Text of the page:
The report details a lack of oversight, with too few inspectors, confusion about training standards, and a high prevalence of criminal cases against private security companies. PSIRA’s annual report for 2010/2011 details that 257 new criminal cases were opened against private security companies, while a further 1,471 improper conduct dockets were opened by the regulatory body.
Then there is the matter of criminality within the industry. In 2008 the police ministry conducted a voluntary process and some 170,728 security guards where vetted by the SAPS using police criminal records. A total of 14,729 of the guards were linked to possible criminal activities listed on the SAPS Criminal Records Centre despite being having valid security registrations.
Another massive problem is that locally, companies who employ negligent security companies are not held accountable for transgressions.
International best practice is for contracting parties to ensure that their private security companies are of a certain standard and don’t have criminal records.
“In South Africa, clients are viewed simply as end-users and do not face sanction for hiring PSCs that are negligent,” writes Jaynes. “The key informant interviews revealed allegations of Air Ports Company South Africa (ACSA) utilising training service providers that do not adhere to even the most basic PSIRA training standards when it comes to firearm training for the guards. Similarly, large parastatals like Transnet manage to fly below the radar and remain unaccountable for firearm misuse by the guards that the company contracts.”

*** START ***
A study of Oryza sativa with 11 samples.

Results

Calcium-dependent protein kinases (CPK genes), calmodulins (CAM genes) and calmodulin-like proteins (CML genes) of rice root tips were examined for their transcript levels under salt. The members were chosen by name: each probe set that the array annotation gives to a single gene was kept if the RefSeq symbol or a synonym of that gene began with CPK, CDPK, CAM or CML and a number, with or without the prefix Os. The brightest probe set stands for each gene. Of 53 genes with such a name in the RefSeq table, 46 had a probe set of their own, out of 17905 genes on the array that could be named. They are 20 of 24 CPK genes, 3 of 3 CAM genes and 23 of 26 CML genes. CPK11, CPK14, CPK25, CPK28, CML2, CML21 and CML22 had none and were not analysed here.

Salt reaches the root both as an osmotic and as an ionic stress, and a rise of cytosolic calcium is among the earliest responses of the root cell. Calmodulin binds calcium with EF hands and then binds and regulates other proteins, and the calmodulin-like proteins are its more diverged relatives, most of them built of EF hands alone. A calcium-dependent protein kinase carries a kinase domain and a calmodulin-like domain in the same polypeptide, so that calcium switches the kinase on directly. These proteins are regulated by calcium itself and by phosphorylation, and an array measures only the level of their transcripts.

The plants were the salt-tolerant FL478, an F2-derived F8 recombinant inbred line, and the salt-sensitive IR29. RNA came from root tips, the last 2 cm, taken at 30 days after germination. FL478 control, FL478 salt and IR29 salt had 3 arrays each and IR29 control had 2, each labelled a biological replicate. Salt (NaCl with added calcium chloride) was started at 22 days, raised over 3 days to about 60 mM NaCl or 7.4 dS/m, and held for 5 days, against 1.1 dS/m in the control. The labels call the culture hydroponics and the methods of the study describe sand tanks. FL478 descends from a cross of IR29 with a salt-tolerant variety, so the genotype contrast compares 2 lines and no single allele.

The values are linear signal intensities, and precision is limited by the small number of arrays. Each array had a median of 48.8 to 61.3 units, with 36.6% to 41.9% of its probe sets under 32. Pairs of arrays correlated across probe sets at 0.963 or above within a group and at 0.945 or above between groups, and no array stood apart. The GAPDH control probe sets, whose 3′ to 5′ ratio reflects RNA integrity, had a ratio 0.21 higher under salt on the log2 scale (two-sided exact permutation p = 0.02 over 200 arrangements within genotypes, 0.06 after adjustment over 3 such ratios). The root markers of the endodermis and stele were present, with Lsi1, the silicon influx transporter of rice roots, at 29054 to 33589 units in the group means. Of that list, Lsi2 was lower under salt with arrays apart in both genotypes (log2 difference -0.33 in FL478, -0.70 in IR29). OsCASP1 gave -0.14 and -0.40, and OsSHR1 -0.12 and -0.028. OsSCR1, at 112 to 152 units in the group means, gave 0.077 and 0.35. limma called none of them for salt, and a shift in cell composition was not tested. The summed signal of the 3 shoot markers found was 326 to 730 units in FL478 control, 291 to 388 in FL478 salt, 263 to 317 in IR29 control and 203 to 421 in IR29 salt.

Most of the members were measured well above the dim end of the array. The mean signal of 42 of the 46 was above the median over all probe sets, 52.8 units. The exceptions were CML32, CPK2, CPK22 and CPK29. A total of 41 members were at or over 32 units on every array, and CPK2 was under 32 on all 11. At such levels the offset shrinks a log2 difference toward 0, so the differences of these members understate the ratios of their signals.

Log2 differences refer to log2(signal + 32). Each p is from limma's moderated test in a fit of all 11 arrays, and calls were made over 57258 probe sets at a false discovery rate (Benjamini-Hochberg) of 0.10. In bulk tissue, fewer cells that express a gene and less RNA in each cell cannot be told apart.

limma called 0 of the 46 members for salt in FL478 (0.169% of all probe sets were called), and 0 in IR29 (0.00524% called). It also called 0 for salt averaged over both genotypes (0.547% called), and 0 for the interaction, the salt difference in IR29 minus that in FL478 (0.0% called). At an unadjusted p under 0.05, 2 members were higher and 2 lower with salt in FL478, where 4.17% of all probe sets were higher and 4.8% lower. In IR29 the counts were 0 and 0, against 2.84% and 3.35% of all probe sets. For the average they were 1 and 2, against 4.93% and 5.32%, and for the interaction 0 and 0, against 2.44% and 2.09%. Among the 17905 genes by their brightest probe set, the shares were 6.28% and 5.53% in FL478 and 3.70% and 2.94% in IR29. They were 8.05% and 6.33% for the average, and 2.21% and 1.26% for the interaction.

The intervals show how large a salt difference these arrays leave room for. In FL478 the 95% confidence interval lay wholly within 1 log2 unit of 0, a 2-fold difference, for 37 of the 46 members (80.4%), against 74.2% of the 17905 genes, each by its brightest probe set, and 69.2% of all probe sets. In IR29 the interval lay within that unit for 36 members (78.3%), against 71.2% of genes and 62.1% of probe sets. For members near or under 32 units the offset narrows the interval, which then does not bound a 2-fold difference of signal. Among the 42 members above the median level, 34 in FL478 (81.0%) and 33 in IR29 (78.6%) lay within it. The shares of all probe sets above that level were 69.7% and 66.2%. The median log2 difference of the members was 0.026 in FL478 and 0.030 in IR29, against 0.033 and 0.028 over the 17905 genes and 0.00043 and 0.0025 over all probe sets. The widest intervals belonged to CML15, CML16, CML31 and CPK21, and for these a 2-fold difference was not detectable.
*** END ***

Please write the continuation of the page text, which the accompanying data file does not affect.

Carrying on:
As the Farlam Commission established to investigate events that led to the Marikana massacre resumes on Monday, all eyes will be on the SAPS, and rightly so. But what of the private security industry and the role these security companies have played in mining deaths and violence? Who will police South Africa’s private security industry?